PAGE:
Conflict victims urge candidates to heal their wounds

Published On: November 21, 2017 02:30 AM NPT By: GANESH BK

RUKUM, Nov 21: Sita Sharma (name changed) of Tribeni Rural Municipality was repeatedly raped by Maoists during the insurgency period. The psychological torture of that time made her mentally ill. Similarly, Subodh Sherpali, who was shot at by Nepal Police personnel still has a lodged bullet inside his hand. The recurring pain in his hand often reminds him of the terrible days that he lived through during the ten-year-long People's War started by the Maoists. 

In December 1998, some cadres of the Maoists spilled acid on the eyes of Gopal Prasad Sharma of Chaurjahari accusing him of supporting Nepali Congress (NC). After the acid attack, he lost his eyesight and has been living the life of a blind since then. He can hardly move from one place to another without his wife. Day by day, his health is deteriorating as he lacks enough money for treatment. 

These three are only some of the representative cases of the horrors of war that came to an end in 2006. There are hundreds of victims like them who are forced to live with disability and illness which they suffered during the insurgency. 

They lament that the government keeps changing and even the leaders but their misery remains the same. With the candidates vying for the upcoming parliamentary and provincial elections, these people are urging them to heal the conflict-era wounds.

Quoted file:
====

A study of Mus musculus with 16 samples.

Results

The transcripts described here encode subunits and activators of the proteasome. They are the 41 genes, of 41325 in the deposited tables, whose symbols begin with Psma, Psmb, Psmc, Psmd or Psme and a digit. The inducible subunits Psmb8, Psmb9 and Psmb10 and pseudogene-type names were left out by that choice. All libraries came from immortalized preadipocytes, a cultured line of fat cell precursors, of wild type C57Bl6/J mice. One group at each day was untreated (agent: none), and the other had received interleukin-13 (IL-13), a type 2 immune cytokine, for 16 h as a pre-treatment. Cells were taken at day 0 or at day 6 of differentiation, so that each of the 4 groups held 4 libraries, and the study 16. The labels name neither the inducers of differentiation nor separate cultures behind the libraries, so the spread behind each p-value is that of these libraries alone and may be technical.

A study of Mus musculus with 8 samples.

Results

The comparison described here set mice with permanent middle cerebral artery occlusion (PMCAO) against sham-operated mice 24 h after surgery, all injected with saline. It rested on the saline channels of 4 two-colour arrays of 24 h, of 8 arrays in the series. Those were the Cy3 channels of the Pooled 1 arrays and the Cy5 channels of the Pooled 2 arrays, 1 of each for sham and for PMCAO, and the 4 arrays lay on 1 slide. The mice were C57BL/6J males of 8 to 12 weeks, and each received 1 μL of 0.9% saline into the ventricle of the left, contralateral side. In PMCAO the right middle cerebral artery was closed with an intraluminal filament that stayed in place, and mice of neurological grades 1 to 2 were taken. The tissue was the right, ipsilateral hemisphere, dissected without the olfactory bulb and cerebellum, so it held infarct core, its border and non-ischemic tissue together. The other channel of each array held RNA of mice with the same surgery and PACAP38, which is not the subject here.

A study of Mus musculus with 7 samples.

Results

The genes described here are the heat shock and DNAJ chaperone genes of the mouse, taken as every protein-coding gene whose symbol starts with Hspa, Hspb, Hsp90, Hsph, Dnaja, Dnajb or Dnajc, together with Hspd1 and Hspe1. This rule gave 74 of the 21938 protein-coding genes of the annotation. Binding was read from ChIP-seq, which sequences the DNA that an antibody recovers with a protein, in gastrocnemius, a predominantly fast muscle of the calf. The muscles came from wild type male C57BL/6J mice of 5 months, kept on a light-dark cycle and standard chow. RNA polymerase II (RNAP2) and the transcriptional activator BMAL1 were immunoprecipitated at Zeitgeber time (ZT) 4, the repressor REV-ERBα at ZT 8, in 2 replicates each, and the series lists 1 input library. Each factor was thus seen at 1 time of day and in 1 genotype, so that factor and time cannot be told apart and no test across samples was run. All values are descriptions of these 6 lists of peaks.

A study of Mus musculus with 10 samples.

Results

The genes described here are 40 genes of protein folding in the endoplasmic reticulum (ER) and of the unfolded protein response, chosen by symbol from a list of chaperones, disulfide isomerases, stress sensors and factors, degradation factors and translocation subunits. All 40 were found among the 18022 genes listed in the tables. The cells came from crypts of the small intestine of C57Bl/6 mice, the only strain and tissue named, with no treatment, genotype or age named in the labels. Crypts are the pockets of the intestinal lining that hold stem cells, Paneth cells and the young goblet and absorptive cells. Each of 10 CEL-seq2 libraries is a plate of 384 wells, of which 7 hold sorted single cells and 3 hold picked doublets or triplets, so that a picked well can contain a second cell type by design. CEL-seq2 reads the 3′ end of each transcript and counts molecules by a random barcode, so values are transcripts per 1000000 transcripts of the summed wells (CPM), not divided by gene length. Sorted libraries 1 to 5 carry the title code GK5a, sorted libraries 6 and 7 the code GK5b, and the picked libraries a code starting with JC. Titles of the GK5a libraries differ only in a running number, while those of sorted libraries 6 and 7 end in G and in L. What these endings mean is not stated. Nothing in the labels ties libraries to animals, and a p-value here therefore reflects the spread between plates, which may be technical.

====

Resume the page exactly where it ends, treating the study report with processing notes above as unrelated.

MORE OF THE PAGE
Despite knocking the doors of several government authorities seeking financial help, Sharma was unable to get any help for his treatment. "Doctors have asked for a large sum of money for my treatment and I have not been able to manage it," said Sharma. 
According to him, the newly-elected and soon-to-be-elected representatives should make efforts to solve the problems of the living martyrs of the war.

Sherpali, on the other hand, says the negligence of leaders and politicians is one of the major reasons behind their ailing health and troublesome life. 
"Leaders won't be forgiven until they heal our wounds," he said. Many of the conflict victims have clearly stated that they won't  cast votes for the candidates who won't make efforts to solve their problems. 

"Our loved ones fought for the country and even sacrificed their precious lives. Now, it's time for the government to think for them and their families," said Jagat Gharti.  They have demanded that the candidates include their issues in their agendas.

As many as 665 people were killed while 230 became disabled in Rukum during the People's War. Happiness was snatched from the lives of 75 children who became orphans and 229 women were compelled to live the life of widows. This is not the first time that the candidates are making various kinds of pledges and vows to the conflict victims but this time victims are hopeful that the candidates are not selling fake dreams and promises to them.